About Me

I hold multiple NRA Instructor credentials, as well as SabreRed Pepper Spray. I have my own training company in Northern Virginia, www.FemaleandArmed.com and am focusing primarily on teaching women, especially those who are new to shooting.

I am also the author of 4 books, available on Amazon, and at many major outlets. I am a contributing writer for Combat Handgun Magazine and Women and Guns Magazine.

Thank you for following along with me as this journey continues.

Safe Shooting!



Wednesday, December 7, 2011

I’ve been practicing ... I can't hit anything!

I’ve been practicing with my pistol at the range every week and I still can’t hit the center of the target. What am I doing wrong?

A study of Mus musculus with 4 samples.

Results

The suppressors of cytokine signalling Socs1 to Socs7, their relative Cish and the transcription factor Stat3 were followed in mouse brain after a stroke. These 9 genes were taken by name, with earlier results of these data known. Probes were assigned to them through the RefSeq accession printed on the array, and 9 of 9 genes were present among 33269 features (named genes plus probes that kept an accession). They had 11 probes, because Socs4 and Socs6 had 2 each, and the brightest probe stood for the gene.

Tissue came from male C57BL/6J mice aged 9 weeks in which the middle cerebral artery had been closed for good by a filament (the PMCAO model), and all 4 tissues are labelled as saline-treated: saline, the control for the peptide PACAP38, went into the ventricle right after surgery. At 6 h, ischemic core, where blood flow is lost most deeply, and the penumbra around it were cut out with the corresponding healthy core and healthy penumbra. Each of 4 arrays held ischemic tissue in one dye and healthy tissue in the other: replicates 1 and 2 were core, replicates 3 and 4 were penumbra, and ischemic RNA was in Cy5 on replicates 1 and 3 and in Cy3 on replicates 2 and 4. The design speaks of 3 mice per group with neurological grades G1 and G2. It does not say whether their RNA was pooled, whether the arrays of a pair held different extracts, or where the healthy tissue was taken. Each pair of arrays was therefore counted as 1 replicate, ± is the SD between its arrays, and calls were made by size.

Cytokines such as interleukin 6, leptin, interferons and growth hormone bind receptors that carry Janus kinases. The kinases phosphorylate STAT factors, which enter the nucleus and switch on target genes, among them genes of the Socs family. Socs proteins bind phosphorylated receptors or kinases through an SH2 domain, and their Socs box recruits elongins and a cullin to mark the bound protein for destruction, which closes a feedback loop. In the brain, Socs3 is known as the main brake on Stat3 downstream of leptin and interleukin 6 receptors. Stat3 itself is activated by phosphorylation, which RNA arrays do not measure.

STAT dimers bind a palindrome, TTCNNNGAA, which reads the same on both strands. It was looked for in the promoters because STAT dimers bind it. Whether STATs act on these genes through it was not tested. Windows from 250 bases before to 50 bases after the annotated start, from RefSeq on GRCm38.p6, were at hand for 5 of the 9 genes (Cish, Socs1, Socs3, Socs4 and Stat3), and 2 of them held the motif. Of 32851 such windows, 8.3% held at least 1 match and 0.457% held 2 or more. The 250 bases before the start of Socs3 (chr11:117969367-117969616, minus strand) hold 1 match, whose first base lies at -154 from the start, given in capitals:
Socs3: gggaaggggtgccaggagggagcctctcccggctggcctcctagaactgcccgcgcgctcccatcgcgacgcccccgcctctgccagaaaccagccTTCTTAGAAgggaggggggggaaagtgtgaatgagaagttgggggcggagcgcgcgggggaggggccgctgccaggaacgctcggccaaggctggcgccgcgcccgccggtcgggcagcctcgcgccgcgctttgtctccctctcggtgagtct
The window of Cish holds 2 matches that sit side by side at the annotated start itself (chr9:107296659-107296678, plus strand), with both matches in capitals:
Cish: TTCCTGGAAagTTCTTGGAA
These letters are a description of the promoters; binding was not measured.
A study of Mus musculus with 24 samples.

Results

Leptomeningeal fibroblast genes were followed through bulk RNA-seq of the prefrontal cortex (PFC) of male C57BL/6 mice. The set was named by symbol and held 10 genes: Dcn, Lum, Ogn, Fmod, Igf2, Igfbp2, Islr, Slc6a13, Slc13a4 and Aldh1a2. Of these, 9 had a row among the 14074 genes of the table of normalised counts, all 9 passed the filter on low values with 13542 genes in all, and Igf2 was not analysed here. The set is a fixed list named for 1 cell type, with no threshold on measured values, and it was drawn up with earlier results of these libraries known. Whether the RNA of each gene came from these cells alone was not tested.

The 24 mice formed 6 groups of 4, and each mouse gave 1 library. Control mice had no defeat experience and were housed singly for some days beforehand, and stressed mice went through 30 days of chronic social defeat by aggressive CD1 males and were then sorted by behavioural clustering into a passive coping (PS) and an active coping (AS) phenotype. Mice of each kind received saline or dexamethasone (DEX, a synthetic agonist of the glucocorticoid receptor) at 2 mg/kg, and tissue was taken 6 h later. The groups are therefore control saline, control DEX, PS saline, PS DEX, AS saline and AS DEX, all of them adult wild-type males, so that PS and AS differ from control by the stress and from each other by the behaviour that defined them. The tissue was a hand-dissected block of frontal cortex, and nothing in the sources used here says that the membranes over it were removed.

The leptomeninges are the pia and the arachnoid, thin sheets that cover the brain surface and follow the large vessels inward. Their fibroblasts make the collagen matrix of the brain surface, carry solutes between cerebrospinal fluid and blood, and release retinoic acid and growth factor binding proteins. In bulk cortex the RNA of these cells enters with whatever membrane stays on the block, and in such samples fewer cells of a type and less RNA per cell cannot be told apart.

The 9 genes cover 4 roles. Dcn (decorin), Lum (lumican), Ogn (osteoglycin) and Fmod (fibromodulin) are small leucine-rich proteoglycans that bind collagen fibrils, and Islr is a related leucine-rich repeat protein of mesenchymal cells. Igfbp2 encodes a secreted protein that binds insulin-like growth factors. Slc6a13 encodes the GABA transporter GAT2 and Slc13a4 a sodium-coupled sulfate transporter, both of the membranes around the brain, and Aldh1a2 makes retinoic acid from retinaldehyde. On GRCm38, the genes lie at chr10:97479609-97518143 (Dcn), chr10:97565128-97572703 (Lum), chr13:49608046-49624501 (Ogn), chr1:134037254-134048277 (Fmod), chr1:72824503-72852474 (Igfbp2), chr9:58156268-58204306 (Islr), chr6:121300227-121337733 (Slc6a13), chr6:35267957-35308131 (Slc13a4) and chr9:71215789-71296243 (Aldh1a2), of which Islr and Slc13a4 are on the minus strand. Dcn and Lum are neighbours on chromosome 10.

That can be a frustrating experience. If you can, hire an experienced instructor for an hour to work with you. You may be surprised how quickly they can identify the issue or habit, show you the correction, and have you shredding the bull’s-eye. If that isn’t an option, try starting with your target at eight feet. Relax, get a comfortable and strong stance, get your sight picture, focus on the front sight so that you don’t really see the target clearly, you see your sight covering the target. Slowly pull the trigger straight back until the gun fires. That should always be a surprise. Hold the trigger back for a fraction of a second as you are reacquiring your sight picture, then ease the trigger out just until you feel it reset, it is like a click that you can feel. Then you know your gun is ready to fire again. Try this for several shots before taking your finger off the trigger and lowering the pistol to see what you did. You will probably be surprised at how well you did. One of the most common issues for new shooters is to take their finger off the trigger between shots and to want to look up after each shot to see where it went. Both of these can cause you to have trouble with your aim. Once you have practiced this and are getting a good grouping, ease that target out in small, maybe 4 foot increments, until you can accurately shoot at 25 feet. My teacher taught me to always start close, move out, and then back in. It helps me to feel good about what I’m shooting and the farther out you go the more you can see if there is an issue such as consistently high, low, to the left, etc. A good instructor can diagnose your target and tell you what you are doing to make that happen. Plus, you will know that if you can hit the target at 25 feet, you have much better odds at closer range.